Penelope WangWhen it comes right down to it, the surest way to achieve a comfortable retirement is to earn more income. But it’s also one of the most difficult things to pull off right now, given today’s shaky economy and tight job market. But a bit of planning can make a big difference. If you’re seeking a salary boost, take a look at the 21 job skills that are most in demand right now–and consider these options for acquiring them. Or perhaps your goal is to find an encore career that will allow you to work a few years longer, either full-time or part-time. How to make that transition? Consider diverting some of your savings into a “freedom fund” to help you afford a job change—or even take time off to figure out your next step. It could be the smartest retirement move you could make.

Best wishes,



Much of retirement saving and investing can be done on cruise control. Just sign up for a 401(k), set your contribution rate, and keep it going. But there are certain ages when you need to get hands on, and you may not have much time to act. (Full disclosure: written by yours truly.) MONEY

Should I Put Stocks in My Roth IRA and Bonds in My Traditional IRA?

Putting your investments in the right accounts is essential to minimizing taxes on your retirement savings. CPA Michael Piper offers a clear explanation about the advantages of loading up a Roth IRA with stocks, as well as a little-noticed consequence: more risk. OBLIVIOUS INVESTOR

Are You Saving Enough for Retirement? Here’s How to Find Out

It’s a constant worry: Are you really on track to affording a comfortable lifestyle when you retire? It helps to have guidelines. Check out these benchmarks for savers at different ages and incomes. INVESTOR’S BUSINESS DAILY

This Is a Smart Reason Not to Save in Your 401(k)

Conventional wisdom says that you should stash every penny of your savings in tax-sheltered retirement accounts. That’s only partially true, says contributor Dan Kadlec. Here’s why you should put some of your savings in a “freedom fund”— liquid savings you can eventually tap for a career change or even a sabbatical. MONEY

Everything You Need to Know About Using Retirement Buckets

Many retirees love using “buckets”—or designated accounts—for your short-, medium-, and long-term goals. Not that there’s anything wrong with that. But there’s a lot you need to understand about the right way to set up this system and replenish those accounts. Personal finance expert Christine Benz fields some FAQs. MORNINGSTAR

6 Ways to Have a Happy Retirement

More and more seniors say they are dissatisfied with their retirements, according to a recent survey. This growing unhappiness is shared by both wealthy and not-so-wealthy retirees. Still, there’s a lot you can do to ensure you have a great retirement, starting with these six moves. USA TODAY

The Hidden Risks of Those Popular Medicare Advantage Plans

One-third of seniors are opting for Medicare Advantage plans, in large part because they carry lower premiums than basic Medicare. But there are risks, especially if you need specialized care, warns contributor Phil Moeller. Better read the fine print before you sign up. MONEY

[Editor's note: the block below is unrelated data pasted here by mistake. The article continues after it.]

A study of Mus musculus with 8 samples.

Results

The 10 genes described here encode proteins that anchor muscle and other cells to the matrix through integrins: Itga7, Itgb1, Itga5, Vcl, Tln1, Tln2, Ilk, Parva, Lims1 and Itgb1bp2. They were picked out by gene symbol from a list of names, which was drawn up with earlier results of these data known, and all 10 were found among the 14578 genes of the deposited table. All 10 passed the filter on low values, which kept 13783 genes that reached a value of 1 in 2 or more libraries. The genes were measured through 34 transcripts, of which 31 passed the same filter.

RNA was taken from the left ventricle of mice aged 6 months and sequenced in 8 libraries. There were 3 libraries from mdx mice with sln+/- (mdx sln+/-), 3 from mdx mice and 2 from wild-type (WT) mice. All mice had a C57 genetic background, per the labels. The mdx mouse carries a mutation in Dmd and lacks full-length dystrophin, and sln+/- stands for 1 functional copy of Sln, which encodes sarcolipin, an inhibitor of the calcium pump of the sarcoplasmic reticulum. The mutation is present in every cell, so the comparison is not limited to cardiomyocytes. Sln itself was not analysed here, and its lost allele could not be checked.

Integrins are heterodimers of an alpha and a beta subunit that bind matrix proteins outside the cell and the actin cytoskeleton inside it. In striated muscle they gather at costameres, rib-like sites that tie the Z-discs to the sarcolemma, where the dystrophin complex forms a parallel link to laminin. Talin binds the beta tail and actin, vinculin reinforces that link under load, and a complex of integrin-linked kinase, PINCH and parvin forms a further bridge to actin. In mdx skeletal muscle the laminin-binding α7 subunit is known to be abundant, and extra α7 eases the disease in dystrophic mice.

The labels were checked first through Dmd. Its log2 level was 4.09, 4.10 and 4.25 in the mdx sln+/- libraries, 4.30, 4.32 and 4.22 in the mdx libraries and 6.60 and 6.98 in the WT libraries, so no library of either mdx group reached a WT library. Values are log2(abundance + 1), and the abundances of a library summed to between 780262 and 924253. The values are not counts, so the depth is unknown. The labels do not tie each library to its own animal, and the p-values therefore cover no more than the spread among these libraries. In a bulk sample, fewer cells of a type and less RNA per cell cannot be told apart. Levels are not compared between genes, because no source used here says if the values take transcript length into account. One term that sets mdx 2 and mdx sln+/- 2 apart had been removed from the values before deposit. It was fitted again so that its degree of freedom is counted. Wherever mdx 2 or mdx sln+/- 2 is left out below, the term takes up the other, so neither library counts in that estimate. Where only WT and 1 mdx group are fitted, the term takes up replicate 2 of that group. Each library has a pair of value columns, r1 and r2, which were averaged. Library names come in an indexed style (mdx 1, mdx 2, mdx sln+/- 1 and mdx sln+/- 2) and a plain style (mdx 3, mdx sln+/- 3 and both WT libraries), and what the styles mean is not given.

This Letter from Social Security Can Cut Medicare Drug Costs

Speaking of Medicare, some older adults may qualify for a subsidy that can help pay prescription drug costs. You may get a letter about this deal from Social Security, reporter Mark Miller explains. FYI, Miller also has a helpful retirement newsletter, which you can sign up for at his website, retirementrevised.com. REUTERS

Work a Little, Play a Little—A New Retirement Strategy

It’s the goal for many retirees to stay active and engaged through meaningful work or volunteering. But finding the right fit can take some experimenting. Reporter Kerry Hannon offers some useful suggestions and inspiring examples. NEW YORK TIMES


The Best Way to Tap Your Retirement Accounts

Q: I recently retired and need to start taking withdrawals from my retirement accounts. I’ll start with my taxable accounts, first focusing on money markets. Beyond that, what’s the best strategy?

A: Just as you aimed to save for retirement in the most tax-efficient way possible, you want to think strategically about tapping your funds to pay for it, says Jeff Feldman, a certified financial planner with Rochester Financial Services in Pittsford, NY. READ MORE


"Nothing is more admirable than the fortitude with which millionaires tolerate the disadvantages of their wealth."

--writer Rex Stout

ABOUT PENNY: Penelope Wang is editor at large at MONEY with a focus on retirement planning. A graduate of Swarthmore College and Columbia University School of International Affairs, she was recently ranked among the "top social influencers in personal finance and wealth." You can email her at retirewithmoney@moneymail.com and follow her on Twitter @PennyWriter.